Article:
Originally created 05/28/98

Hillin adds new chapter to strange career



ATLANTA -- No one in stock car racing has had a stranger career than Bobby Hillin. The latest twist -- the addition of St. Louis Cardinals first baseman Mark McGwire as a business partner -- should make for another interesting chapter.

The son of a prominent Indy-car and sprint-car owner, Hillin began racing at age 13 year his hometown of Midland, Texas. He won a late-model stock track championship at 17. He attended Buck Baker's driving school while still a teen-ager and so dazzled car owner Harry Hyde that Hyde immediately took him to Winston Cup.

Hillin became the youngest driver to qualify a car at more than 200 mph, and shortly thereafter, became the youngest driver in NASCAR history to win a super speedway race. He was 22 when he won the DieHard 500 at Talladega on July 28, 1986, beating the late Tim Richmond by half a car length.

The media proclaimed him the sport's next star, and when he won his first Busch Series race in only his seventh start not long after Talladega, he seemed to justify those high expectations.

But a dozen years later, Hillin counts but one Winston Cup victory in 333 starts. He ran out of opportunities in Winston Cup last year, and he is trying to make a comeback on the Busch Series.

"The only thing I can say is, today, I still believe I've got the talent to win -- and win in Winston Cup," Hillin said this week. "A big reason why I started this Busch team was for me to get a little more control of what was going on around me with the car and the race team."

Hillin drove for the Stavola Brothers from 1983 to 1990, finishing in the top five four times. From 1991 through 1997, he drove for 12 different car owners.

Success since the Talladega win has been rare. Hillin finished third at Talladega in 1992 as a relief driver for Davey Allison, and he qualified on the outside pole at Talladega last year. His best finish in the points during the '90s was 19th in 1990.

"I made some mistakes," Hillin said. "Probably the Stavola Brothers and myself should have gone our separate ways in about 1987. I might have taken a whole different path. But when you end up staying in a situation that stagnates, you go downhill, and it's hard to get your confidence up after that.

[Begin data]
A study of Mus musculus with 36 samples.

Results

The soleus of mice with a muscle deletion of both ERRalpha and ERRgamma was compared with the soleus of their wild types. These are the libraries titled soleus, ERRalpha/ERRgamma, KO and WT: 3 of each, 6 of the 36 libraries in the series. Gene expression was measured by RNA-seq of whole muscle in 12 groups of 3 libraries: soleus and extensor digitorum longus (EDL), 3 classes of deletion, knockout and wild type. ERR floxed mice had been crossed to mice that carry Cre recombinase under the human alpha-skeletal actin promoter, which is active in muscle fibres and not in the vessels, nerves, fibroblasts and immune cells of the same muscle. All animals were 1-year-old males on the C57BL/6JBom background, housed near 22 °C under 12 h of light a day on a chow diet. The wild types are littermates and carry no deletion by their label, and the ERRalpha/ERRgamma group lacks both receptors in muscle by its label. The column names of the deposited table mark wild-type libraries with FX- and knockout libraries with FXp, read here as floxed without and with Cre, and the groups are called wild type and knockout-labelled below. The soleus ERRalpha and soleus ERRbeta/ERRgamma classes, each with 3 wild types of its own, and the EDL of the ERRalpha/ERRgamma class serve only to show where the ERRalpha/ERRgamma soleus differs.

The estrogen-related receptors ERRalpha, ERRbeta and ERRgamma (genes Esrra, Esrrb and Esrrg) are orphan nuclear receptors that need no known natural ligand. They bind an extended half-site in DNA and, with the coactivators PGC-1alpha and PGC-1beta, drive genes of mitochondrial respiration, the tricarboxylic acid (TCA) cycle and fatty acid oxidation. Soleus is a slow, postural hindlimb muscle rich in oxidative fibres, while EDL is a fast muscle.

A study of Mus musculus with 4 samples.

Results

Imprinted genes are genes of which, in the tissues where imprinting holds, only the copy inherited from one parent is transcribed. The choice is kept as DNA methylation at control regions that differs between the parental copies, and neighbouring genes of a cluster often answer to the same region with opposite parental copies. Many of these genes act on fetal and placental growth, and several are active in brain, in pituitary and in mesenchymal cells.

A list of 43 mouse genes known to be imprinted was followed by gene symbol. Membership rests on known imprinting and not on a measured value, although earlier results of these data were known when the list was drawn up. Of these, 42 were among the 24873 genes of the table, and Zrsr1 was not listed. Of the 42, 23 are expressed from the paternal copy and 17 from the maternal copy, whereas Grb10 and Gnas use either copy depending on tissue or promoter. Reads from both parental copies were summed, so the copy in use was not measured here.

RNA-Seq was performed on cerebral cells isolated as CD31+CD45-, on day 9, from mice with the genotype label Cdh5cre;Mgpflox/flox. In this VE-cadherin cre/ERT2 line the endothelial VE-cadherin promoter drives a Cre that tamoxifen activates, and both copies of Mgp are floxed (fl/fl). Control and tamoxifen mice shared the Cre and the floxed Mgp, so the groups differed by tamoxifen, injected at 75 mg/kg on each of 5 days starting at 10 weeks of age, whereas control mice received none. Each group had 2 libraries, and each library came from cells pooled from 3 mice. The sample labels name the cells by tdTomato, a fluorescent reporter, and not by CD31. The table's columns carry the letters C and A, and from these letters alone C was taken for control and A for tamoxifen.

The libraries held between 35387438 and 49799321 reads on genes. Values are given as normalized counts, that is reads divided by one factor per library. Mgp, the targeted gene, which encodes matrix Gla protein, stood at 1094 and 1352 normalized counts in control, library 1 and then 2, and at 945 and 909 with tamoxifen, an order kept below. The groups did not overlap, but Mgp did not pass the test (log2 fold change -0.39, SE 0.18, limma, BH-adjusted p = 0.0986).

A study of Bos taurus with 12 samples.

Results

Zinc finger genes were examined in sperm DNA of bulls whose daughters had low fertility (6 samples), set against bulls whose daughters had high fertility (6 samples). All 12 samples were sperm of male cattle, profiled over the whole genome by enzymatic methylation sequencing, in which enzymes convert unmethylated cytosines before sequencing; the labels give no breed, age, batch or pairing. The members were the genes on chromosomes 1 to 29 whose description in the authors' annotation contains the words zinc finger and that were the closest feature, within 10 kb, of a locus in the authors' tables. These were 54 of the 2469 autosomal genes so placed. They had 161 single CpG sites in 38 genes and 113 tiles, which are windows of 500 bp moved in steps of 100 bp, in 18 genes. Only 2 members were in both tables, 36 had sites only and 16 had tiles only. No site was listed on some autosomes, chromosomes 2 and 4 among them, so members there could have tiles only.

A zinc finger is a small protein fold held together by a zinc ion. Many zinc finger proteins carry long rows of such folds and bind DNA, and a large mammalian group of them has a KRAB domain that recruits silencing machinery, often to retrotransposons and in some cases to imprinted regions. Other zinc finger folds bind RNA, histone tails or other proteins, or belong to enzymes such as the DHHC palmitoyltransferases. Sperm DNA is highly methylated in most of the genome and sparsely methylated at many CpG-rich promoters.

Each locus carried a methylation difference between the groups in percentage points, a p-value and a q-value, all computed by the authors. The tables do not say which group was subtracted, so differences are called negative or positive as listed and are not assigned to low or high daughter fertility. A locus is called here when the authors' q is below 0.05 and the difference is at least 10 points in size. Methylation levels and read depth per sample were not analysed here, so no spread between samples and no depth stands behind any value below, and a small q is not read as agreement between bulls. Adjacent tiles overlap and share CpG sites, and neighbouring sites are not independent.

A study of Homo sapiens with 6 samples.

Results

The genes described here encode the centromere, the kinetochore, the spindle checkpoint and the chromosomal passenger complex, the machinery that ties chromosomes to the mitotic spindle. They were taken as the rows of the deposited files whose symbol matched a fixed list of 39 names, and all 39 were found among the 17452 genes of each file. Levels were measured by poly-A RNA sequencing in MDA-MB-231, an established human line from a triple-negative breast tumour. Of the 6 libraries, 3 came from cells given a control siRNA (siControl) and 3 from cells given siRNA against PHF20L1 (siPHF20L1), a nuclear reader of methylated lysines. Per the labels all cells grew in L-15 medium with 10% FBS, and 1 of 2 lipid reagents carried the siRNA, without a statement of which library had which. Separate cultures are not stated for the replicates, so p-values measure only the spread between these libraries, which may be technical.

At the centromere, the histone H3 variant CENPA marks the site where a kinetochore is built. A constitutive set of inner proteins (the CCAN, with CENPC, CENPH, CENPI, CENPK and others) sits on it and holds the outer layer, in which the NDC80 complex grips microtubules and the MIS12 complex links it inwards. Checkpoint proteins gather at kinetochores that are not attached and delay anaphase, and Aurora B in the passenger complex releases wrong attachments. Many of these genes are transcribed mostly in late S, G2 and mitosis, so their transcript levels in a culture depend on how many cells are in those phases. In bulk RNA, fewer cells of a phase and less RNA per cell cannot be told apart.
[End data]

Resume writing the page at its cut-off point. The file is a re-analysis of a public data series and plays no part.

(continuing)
"If you look at what I've done since then, I've never been with a team or had the opportunity to be a great race car driver. So it's kind of a tough situation, and I've really agonized over it at different times in my career. What's my destiny in this whole thing? I've done a lot of soul searching, and I feel like this year, for the first time in several years, I'm doing something about the fact that I've been just a mediocre, hanging-on driver for the past 10 Years."

Hillin formed his Busch team with four baseball players as partners: Danny Shaeffer, Pete Schourek, Gary Gaetti and Hal Morris. McGwire came aboard last week, and North Carolina congressional candidate Robin Hayes also is involved.

Each of the baseball players has made an initial investment of $50,000, but their value may prove to be considerably greater to Hillin. The fact that Hillin is keeping track of McGwire's home runs with a "Big Mac" logo on the back of the race car has generated a lot of media interest. With media interest comes sponsor interest. The team is still looking for a major sponsor and won't run many races until one is found.

"Between the six of them, we probably talk to at least one of them every day," Hillin said of his partners. "They're really involved in it. They just love the sport, love the competition. All those guys were Winston Cup fans before we started this deal. Now that we've got this Busch team, they've started following the Busch Series much closer. They've come to me and said, `man, this Busch Series is a lot of fun and it's competitive.' It's been neat to have them as partners."

And maybe the partnership will help Hillin avoid finishing his career as the brightest star that fizzled.